Crocker & Starr Cabernet Sauvignon Stone Place 2007
Cabernet Sauvignon from Napa Valley, California
This wine comes from gravely soil, that originates from the lower slopes of the Mayacamas. This Cab is all about bringing out the extract of the soil. Look for a dense black/purple rim in the glass. Vibrant black currant and dark cherry are followed by raspberry, vanilla, lavender and stones. The mid-palate brings exotic notes of cocoa, espresso bean, dried lavender and rose petals, while moving into the finish with minerality, spice and cigar box. The 2007 vintage is young and concentrated and should evolve beautifully for the next decade and a half. Opulence, intensity and power are the hallmarks of our 2007 Cabernet Sauvignon.
The Wine Advocate - "Perhaps the best wine I have ever tasted from Crocker & Starr is the 2007 Cabernet Sauvignon Stone Place. One hundred percent Cabernet Sauvignon aged 20 months in French oak, this 500- to 550-case cuvee from the organically managed Stone Place Vineyard is a dense ruby/purple color, with a classic nose of unsmoked cigar tobacco intermixed with blackberries, licorice, subtle barbecue smoke, and cassis. A gorgeous, full-bodied texture, excellent purity, and well-integrated acidity, wood, and tannin all make for a thrilling wine to drink over the next 15-20+ years.
Crocker & Starr Winery
Crocker & Starr Wines is a partnership between a historic vineyard site and a winemaker focused on producing distinctive wines of this unique place. In 1997, Pam Starr created this partnership to capture the essence of terroir in her wines – the soil and environment in which the fruit ripens. The Crocker Vineyard, where grapes have been grown since the 1870’s, is located on the south side of St. Helena, bordered by Mills and Dowdell lanes. The most celebrated Bordeaux varieties - Cabernet Sauvignon, Merlot, and Cabernet Franc are grown in varying soils that gradually change as the terrain gently slopes towards the Napa River. So far, 9 acres have been successfully replanted using a variety of rootstocks and clonal selections that best match the soil. View all Crocker & Starr Wines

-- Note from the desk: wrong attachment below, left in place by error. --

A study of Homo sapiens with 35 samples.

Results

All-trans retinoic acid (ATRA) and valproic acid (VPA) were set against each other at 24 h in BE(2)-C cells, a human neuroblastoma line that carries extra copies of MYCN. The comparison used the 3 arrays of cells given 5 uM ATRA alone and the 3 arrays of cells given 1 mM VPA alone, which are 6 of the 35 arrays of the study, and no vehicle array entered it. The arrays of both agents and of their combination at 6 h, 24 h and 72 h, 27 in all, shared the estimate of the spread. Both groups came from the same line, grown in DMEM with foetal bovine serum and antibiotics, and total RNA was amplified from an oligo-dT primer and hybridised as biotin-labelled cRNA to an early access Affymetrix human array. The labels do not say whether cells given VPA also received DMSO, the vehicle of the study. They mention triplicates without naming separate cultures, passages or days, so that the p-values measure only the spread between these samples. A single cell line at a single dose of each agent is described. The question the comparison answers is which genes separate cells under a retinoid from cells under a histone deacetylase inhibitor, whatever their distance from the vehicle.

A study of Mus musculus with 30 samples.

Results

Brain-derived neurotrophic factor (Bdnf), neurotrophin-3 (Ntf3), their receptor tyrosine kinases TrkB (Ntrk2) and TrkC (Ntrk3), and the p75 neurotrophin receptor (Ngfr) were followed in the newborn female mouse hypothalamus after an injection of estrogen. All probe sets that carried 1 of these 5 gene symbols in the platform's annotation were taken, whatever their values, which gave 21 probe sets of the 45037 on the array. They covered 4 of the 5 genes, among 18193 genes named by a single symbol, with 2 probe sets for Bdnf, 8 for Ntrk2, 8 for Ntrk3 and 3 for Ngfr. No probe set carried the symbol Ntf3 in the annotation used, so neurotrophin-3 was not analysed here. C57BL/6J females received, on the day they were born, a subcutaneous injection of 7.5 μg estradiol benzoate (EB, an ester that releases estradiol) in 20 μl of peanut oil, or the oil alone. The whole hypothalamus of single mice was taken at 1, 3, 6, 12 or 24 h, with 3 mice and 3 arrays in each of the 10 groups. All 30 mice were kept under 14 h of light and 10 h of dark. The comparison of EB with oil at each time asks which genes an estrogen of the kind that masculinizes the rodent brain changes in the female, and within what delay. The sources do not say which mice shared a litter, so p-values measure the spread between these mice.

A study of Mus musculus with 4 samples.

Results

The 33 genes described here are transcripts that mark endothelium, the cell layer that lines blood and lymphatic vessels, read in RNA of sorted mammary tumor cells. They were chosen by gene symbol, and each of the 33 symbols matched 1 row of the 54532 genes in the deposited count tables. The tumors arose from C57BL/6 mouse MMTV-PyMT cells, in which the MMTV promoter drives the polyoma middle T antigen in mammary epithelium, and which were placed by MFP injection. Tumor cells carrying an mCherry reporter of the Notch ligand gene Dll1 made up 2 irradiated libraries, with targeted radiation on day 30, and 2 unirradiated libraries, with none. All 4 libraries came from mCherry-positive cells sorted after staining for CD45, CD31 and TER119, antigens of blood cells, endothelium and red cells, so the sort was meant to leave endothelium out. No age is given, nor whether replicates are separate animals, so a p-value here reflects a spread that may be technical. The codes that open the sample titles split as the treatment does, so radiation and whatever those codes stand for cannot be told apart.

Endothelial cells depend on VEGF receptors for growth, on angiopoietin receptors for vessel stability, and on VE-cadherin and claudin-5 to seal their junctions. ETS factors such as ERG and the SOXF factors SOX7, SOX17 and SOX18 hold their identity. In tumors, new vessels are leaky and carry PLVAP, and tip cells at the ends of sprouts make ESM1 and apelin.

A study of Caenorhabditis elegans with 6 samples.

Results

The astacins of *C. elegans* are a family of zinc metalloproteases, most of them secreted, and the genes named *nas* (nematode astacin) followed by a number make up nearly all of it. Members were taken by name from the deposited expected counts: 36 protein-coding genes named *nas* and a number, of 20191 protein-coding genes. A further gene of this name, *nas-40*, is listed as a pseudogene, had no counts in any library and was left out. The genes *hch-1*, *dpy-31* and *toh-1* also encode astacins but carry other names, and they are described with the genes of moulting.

About Napa Valley
It's hard not to think of Napa Valley when thinking of California wines. The region is, after all, the one that brought world recognition to California wine making. The area was settled by a few choice wine families in the 1960's who bet that the wines of the area would grow and flourish. They were right. The Napa wine industry really took off in the 1980's, when vineyard lands were scooped up and vines were planted throughout the county. A number of wineries emerged, from large conglomerates to small boutiques to cult classics. Cabernet Sauvignon is definitely the grape of choice here, with many winemakers also focusing on Bordeaux Blends. Whites are usually Chardonnay and Sauvignon Blanc.
Notable FactsWithin the Napa Valley lie smaller sub-AVAs that lend even more character specifics to the wines. Furthest south is Carneros, followed by Yountville, Oakville & Rutherford. Above those two is St.-Helena and finally, just granted an AVA, Calistoga. These areas are situated on the valley floor and are known for creating rich, smooth Cabernet Sauvignon, Merlot and Chardonnay. There are a few mountain regions as well, nestled on the slopes overlooking the valley AVAs. Those include Howell Mountain, Stags Leap and Mount Veeder. Wines from the mountain regions are often more structured and firm, benefiting from more time in the bottle to evolve and soften.
About CaliforniaIt's not rare to see a wine's country of origin listed as "California." A country into itself in the wine world, California makes enough varieties and styles to match many European wine countries. It produces a diverse range of wines that span the quality spectrum.
The most famous of the California wine regions is Napa Valley, and these wines are certainly outstanding – but it's not as broad and diverse as its larger neighbor, Sonoma County. Down south, Santa Barbara's Santa Maria Valley is well-known for its Rhône blends, as well as cool-climate varieties like Pinot and Chardonnay. The Central Coast, the largest California AVA, has many different microclimates that lead to a wide range of wines with many sub-AVAs.